An unassuming street in the city centre was once home to John Lennon, with one former resident getting to know the Beatles frontman through a shared interest in art.
In tonight's episode of the BBC's A House Through Time documentary series, historian David Olusoga reached the final chapter in the story of a Georgian terraced house, 62 Falkner Street, in Liverpool.
He was able to interview people who actually lived there.
The complete history of the house has been charted throughout the series, with tonight's episode beginning in the forties and working up to the present day.
Fortunes from 1945 were mixed as the area struggled, postwar, then suffered huge social and cultural problems that led to the devastating 1981 Toxteth riots.
Footage from the riots was aired, with previous Falkner Street tenants reflecting on the tumultuous events, describing bricks being thrown by rioters and police alike while buildings were looted and destroyed.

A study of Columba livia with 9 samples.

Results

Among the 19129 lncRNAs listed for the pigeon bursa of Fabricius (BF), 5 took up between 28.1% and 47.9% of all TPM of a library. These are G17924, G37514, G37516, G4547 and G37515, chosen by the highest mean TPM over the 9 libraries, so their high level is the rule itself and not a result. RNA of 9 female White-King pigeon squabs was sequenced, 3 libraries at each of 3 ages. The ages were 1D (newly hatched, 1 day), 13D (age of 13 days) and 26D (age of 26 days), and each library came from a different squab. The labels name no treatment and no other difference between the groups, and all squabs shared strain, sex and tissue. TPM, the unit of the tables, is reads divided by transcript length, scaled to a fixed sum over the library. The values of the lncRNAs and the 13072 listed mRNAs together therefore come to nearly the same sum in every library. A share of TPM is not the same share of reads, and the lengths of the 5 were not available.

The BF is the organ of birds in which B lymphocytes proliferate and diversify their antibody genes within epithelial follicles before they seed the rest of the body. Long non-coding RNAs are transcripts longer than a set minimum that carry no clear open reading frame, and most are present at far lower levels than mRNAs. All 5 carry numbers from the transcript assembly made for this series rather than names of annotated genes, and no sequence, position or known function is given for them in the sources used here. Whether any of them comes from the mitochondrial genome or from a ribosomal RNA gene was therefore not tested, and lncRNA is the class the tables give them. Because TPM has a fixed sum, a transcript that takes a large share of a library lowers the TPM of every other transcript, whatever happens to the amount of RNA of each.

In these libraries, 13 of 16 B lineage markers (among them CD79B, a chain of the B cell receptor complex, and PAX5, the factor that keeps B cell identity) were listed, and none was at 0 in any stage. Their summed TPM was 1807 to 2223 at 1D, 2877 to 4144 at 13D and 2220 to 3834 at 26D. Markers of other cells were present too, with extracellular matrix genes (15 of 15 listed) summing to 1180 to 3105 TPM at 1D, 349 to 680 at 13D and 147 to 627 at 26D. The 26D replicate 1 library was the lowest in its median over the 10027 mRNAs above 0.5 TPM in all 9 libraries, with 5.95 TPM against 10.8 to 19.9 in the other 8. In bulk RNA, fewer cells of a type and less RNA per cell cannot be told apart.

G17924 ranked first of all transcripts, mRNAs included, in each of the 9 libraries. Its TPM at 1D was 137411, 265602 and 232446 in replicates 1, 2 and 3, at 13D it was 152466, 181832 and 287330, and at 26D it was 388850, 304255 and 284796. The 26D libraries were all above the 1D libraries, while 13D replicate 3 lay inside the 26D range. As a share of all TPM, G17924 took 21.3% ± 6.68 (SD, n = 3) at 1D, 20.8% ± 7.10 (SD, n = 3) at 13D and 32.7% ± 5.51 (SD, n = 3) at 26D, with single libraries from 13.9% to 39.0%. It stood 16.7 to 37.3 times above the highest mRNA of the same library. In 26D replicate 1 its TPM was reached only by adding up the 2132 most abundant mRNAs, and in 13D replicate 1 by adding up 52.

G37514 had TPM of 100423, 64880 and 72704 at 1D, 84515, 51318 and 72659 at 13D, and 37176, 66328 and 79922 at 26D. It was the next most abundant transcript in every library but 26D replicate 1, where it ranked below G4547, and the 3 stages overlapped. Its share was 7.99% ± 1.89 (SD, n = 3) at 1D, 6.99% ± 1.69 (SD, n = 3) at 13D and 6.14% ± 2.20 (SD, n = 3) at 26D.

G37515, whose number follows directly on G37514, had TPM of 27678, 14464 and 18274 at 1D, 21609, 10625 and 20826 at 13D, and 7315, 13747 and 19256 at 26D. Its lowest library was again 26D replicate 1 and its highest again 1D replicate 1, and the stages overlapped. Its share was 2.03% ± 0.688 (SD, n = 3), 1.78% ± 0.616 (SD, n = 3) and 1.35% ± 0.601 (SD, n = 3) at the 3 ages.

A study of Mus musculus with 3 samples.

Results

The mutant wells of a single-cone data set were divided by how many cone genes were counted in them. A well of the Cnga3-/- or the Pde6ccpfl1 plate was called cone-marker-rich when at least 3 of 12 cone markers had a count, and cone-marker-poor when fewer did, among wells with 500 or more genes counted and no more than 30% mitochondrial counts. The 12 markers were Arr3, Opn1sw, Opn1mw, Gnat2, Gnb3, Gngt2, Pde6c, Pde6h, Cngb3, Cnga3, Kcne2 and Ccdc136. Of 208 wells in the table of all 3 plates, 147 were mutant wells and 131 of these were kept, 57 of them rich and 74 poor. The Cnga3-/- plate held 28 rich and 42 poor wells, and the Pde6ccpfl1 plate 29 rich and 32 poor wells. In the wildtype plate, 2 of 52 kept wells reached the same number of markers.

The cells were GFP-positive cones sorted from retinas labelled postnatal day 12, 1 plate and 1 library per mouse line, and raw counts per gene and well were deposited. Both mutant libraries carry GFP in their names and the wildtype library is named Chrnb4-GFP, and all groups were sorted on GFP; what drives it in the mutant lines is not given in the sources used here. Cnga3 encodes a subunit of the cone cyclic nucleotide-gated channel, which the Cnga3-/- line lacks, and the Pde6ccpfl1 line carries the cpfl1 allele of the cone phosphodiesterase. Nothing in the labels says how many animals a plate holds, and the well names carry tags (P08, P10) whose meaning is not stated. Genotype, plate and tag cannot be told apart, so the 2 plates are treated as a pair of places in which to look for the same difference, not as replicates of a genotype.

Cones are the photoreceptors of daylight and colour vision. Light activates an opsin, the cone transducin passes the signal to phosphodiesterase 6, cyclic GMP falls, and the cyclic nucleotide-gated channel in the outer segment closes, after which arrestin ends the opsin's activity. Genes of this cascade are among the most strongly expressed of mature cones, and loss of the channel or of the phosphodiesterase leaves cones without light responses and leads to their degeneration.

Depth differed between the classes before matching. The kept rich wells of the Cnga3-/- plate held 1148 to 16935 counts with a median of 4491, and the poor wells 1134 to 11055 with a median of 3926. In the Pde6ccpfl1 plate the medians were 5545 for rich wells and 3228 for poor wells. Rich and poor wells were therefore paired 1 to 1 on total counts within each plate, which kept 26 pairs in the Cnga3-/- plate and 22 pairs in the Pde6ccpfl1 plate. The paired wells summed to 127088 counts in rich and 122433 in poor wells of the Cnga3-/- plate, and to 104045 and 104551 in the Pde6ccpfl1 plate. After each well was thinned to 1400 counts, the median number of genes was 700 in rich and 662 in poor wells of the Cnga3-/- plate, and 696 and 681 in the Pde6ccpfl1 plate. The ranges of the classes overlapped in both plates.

Streets were left in ruin but the former tenants said though it was a "strange" time, they could understand why the riots had occurred.
The show also highlighted the vibrancy of Liverpool in the 1960s – with one lady remembering getting to know John Lennon when he moved into Falkner Street.
June Furlong shared her memories of the bohemian area in the 1960s.
She spoke fondly of the vivid nightlife, packed with social clubs and restaurants and said she spent time in a diverse array of clubs with artists, showing up "get a drink after hours".
During this time, John Lennon moved with his new wife Cynthia to number 36 Falkner Street.
June got to know John when she was working as a life model at the art school.
She said: "I remember sitting in the room… the door burst open and it was the arrival of John Lennon."
The former Beatle was enrolled on a Fine Art degree and drew her as part of his studies.
June added: "He was very entertaining – he used the place like a big cocktail party."
John wrote her notes and letters during his time on Falkner Street.
Lamenting on how she wished she'd kept them, she said: "I’d be in South Kensington now, not sat here."
Finally, Olusoga presented a record of the house's history to its current owner, Gaynor.